U.S. Secretary of Commerce Gina M. Raimondo announced that the Department’s Economic Development Administration (EDA) is awarding a $2 million CARES Act Recovery Assistance grant to UA Cossatot. This grant supports a Medical Mobile Unit and creates a healthcare simulation lab and telemedicine space at all four campuses. This EDA grant is expected to create 105 jobs.
“President Biden is committed to harnessing the full power of the federal government to ensure our nation not only recovers from this pandemic but builds back stronger,” said Secretary of Commerce Gina M. Raimondo. “This EDA investment in Cossatot Community College will provide rural communities with access to healthcare and healthcare training programs to prepare students for good-paying, quality jobs.”
“The Economic Development Administration plays an important role in supporting community-led economic development strategies designed to boost coronavirus recovery and response efforts,” said Dennis Alvord, Acting Assistant Secretary of Commerce for Economic Development. “This EDA investment will create a Wellness Education Learning and Living (WELL) community with a Medical Mobile Unit to provide urgent care and create a healthcare simulation lab and telemedicine space to train workers in high-demand healthcare fields.”
“This grant is a real benefit to rural Arkansas,” said Governor Asa Hutchinson. “The Covid-19 pandemic highlighted the need for more healthcare options in rural Arkansas and the benefit of telemedicine. The funds will make a positive impact on the economy and the health of Arkansans.”
“Congress came together in a bipartisan way to pass the CARES Act to strengthen our communities’ response to the COVID-19 pandemic and the subsequent challenges it presents,” said Senator John Boozman. “I am pleased the EDA recognizes the need for expanded health care access and training in Southwest Arkansas and is making this investment to help the region better meet existing and future needs that will also result in more good jobs.”
“Rural America is too often overlooked for federal grants,” said Congressman Bruce Westerman (AR-04). “That’s why I’m so grateful that the bipartisan CARES Act is making this critical health care investment possible. The residents of De Queen and the students at Cossatot Community College will benefit greatly from the jobs and training opportunities this grant will support. Smart, targeted investment like this greatly aids rural America’s post-pandemic recovery.”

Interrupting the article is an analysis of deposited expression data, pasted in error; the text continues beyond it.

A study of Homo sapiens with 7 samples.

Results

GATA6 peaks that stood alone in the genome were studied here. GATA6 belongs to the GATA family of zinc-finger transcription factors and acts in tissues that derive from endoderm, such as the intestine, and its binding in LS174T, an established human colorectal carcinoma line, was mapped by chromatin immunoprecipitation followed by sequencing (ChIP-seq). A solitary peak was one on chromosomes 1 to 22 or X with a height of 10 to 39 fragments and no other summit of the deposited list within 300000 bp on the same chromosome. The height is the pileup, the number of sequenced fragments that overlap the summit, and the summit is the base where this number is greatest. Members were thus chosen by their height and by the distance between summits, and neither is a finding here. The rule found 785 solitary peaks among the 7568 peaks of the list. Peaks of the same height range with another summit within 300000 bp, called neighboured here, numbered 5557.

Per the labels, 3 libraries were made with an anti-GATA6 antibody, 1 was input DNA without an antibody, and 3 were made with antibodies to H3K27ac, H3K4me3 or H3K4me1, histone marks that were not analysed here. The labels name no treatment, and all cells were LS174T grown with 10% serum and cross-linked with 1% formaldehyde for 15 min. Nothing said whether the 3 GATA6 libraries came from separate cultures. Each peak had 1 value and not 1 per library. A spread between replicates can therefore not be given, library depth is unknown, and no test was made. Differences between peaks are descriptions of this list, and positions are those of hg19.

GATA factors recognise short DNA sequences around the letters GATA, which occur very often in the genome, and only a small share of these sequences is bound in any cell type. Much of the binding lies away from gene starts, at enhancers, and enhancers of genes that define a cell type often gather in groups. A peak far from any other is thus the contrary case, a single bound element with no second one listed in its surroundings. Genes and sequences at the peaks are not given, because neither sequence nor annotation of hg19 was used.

“We feel this grant will impact Medical Education in Southwest Arkansas like nothing ever before, said UA Cossatot Chancellor Dr. Steve Cole. “This WELL grant will allow UA Cossatot to establish four medical simulation/telemedicine labs on each of our four campuses in DeQueen, Lockesburg, Nashville, and Ashdown, two Ambulance Simulators on two campuses, the establishment of a new Medical Lab Technician program, and we will be purchasing a complete mobile medical unit that our medical faculty and students will be using to assist with health care needs around our service area. It is truly a game-changer for our college, and we can’t be more thankful to our Federal Delegation for helping see this through”.
This project was made possible by the regional planning efforts led by the Southwest Arkansas Planning and Development District (SWAPDD). EDA funds SWAPDD to bring together the public and private sectors to create an economic development roadmap to strengthen the regional economy, support private capital investment and create jobs.
This project is funded under the Coronavirus Aid, Relief, and Economic Security (CARES) Act (Public Law 116-136), which provided EDA with $1.5 billion for economic assistance programs to help communities prevent, prepare for, and respond to coronavirus. EDA CARES Act Recovery Assistance, which is being administered under the authority of the bureau’s flexible Economic Adjustment Assistance (EAA) program, provides a wide range of financial assistance to eligible communities and regions as they respond to and recover from the impacts of the coronavirus pandemic.